By Anna Soref
I recently had the opportunity to hear the famous Dr. Andrew Weil speak at Natural Products Expo West in California. A previous meeting made me a few minutes late to the event, and when I arrived, the packed room was overflowing with people waiting to hear what the good doctor had to say. In a world where what’s healthy, what’s not, and what’s going to kill us quickly or make us live forever changes daily, I was curious to see what was on his mind.
A Harvard-trained medical doctor, Andrew Weil is considered one of today’s foremost integrative physicians. Currently he is the director of the Center for Integrative Medicine at the University of Arizona. His latest book is True Food: Seasonal, Sustainable, Simple, Pure (Little, Brown and Company, 2012).
Without singling out any of the latest diet trends—paleo, vegan or Engine 2, for example—his emphasis on diet was on avoiding processed foods; he used a simple glass of orange juice to make his point. “The difference between a glass of fresh-squeezed orange juice and processed is huge,” he said. “In fresh-squeezed, there are so many compounds, fiber and phytochemicals that naturally occur, which affect not only how healthy that juice is but how our bodies process that juice—especially the sugars in the juice. For instance, when you process the juice, many nutrients are gone; but fiber is removed, and then your body turns the juice into glucose all that much quicker.”
Dr. Weil expressed concern for how many people today not only accept processed foods as the norm but prefer them. “I recently had some guests at my house and I served the friend’s son some fresh-squeezed juice. He wouldn’t touch it. He said it didn’t look like any orange juice he had ever seen,” Dr. Weil recounted to an amused audience.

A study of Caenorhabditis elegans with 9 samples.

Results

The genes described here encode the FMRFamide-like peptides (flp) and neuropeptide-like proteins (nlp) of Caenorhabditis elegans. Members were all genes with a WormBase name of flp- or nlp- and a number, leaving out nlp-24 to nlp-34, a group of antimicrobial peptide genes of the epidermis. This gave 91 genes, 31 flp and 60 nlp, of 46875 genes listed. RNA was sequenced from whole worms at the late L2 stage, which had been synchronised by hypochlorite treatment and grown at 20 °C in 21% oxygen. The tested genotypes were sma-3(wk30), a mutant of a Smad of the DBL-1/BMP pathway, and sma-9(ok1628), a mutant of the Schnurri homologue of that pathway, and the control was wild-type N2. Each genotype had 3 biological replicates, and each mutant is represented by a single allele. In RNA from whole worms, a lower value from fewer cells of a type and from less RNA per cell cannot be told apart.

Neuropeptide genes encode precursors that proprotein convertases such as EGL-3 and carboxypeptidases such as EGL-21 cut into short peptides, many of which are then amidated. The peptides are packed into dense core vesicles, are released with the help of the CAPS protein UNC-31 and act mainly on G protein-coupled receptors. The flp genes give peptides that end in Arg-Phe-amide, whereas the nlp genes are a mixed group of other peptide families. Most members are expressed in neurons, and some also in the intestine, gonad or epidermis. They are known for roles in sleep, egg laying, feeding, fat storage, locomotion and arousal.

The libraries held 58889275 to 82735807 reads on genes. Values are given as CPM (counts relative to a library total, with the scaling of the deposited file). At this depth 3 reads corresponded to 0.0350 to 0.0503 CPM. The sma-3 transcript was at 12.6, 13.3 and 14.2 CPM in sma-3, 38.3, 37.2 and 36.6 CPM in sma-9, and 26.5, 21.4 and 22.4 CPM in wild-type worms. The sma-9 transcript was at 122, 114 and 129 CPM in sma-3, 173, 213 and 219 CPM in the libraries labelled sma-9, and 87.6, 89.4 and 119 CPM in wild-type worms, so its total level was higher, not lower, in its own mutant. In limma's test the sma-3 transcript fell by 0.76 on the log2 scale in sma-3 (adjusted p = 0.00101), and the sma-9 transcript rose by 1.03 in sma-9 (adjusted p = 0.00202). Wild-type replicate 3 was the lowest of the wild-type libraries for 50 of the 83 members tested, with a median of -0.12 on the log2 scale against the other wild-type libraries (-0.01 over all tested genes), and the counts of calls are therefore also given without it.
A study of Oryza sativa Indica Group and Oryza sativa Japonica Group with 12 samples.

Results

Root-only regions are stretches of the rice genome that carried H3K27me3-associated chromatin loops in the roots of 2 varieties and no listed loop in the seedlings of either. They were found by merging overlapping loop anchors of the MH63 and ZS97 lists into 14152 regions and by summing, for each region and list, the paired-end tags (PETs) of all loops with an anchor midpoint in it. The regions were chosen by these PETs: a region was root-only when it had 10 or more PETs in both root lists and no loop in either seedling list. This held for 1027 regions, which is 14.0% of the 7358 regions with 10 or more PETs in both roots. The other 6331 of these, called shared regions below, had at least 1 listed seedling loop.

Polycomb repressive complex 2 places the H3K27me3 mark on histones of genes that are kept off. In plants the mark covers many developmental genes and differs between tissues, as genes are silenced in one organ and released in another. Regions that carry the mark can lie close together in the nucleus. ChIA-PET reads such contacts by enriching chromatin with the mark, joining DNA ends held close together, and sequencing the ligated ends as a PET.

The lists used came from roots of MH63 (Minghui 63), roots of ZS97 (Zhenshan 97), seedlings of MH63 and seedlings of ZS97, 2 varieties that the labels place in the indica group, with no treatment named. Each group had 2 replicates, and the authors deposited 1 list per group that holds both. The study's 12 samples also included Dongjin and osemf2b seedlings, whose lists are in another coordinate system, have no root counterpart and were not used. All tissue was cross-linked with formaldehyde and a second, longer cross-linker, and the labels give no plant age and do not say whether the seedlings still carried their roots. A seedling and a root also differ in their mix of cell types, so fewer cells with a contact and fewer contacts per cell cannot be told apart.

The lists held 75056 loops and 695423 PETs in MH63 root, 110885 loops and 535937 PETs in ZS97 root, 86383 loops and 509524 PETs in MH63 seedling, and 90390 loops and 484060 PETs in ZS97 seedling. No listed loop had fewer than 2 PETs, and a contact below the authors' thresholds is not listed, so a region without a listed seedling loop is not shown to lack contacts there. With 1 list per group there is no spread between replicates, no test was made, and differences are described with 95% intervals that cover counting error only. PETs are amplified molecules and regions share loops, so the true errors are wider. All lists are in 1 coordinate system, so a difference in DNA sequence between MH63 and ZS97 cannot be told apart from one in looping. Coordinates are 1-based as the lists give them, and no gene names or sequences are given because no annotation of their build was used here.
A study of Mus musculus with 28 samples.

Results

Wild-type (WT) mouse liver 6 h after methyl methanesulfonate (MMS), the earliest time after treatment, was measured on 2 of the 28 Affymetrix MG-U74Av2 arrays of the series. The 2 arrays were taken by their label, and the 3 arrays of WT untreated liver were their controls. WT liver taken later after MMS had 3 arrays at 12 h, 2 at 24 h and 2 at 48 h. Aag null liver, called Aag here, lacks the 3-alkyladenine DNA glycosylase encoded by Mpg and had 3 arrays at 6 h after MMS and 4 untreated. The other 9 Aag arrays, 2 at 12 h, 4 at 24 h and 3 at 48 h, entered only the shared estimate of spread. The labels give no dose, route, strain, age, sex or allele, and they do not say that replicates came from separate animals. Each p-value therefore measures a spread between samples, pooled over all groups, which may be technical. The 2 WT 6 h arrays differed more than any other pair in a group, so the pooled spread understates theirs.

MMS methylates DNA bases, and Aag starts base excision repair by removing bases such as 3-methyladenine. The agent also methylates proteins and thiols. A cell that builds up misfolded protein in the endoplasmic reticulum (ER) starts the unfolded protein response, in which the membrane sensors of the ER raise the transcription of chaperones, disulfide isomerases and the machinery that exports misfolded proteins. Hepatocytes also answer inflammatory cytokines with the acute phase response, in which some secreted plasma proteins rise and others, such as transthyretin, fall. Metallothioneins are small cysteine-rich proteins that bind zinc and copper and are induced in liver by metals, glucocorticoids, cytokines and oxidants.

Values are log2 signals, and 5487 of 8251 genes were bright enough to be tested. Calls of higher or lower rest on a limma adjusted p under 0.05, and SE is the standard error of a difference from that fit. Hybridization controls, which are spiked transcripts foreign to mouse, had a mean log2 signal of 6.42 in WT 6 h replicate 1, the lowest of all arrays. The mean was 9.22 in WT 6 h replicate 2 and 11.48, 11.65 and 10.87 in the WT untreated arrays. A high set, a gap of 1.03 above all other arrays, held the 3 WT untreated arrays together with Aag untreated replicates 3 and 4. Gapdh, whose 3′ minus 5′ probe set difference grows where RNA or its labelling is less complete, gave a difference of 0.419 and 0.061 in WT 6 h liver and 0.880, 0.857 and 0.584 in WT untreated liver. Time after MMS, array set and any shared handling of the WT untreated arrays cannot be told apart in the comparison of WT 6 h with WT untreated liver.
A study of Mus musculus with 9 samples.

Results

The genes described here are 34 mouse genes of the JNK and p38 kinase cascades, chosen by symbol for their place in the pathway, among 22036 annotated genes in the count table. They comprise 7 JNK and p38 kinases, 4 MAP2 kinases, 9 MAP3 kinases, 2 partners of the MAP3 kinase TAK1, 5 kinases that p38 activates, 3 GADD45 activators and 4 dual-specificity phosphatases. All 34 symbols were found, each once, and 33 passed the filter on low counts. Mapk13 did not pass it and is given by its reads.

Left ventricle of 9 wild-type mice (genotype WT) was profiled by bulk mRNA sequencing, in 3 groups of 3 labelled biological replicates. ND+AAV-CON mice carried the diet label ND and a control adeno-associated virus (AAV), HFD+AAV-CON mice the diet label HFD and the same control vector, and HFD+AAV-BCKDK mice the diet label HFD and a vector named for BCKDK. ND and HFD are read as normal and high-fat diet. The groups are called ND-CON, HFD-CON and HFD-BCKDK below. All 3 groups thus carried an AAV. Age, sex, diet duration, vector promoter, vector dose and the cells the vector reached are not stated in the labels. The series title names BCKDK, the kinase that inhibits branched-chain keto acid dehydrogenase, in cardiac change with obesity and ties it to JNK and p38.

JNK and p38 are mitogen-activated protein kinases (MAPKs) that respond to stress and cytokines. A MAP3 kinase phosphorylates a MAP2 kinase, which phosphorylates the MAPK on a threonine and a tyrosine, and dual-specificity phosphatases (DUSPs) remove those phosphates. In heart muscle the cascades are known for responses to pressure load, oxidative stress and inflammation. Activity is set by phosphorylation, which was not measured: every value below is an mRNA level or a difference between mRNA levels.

Bread is another product that too often falls prey to overprocessing, he told the crowd. “We hear a lot these days about how bad grains are for us, but grains aren’t unhealthy; it’s what we do to them that makes them unhealthy.” This is good news for individuals confused by the constant diet trends touting death to carbs. Dr. Weil advised being wary of “whole grain” breads that can be mashed up and rolled into a little “dough ball.” “These aren’t truly whole grains,” he explained. “With whole grains, you can see a whole grain: the bran, the germ and so on. The beauty of these, in addition to their nutrients, is how long it takes your body to process them, so that they don’t turn right into sugar like the processed grains do.”
Indeed, there really aren’t any bad foods, according to Dr. Weil; we just too often make them bad. But it’s easy to avoid this by buying foods in their closest state to natural. “It’s the simplest way to good health and to lose weight,” he indicated. “You want to shed pounds? Just stop eating refined flour and sugar. While many diets will villainize certain foods, we are omnivores; we can handle all foods as long as they aren’t processed.”
Dr. Weil discussed the need for consumers to be vigilant in the organic and non-GMO movements. “In terms of the organic standards, some people and companies are always trying to get exceptions passed,” he remarked. He brought up the example of sewage sludge, commonly used as crop fertilizer “bio-matter,” being kept out of certified organic foods due to consumer demand. It was individuals standing up and saying no that kept the sludge out.
People should also not be deterred by the recent vote in California to not require foods containing GMOs to be labeled. “It’s up to us to continue to vote for change; it’s up to us to be the change,” he said.
Dr. Weil’s messages clearly resonated with the people in the room. Instead of giving more rules to follow, more restrictions to place, Dr. Weil seemed to make healthy eating a lot easier. Buy organic, non-GMO and local when possible, and avoid processed foods. Okay, Doctor; thanks for the prescription that doesn’t require a trip to the pharmacy!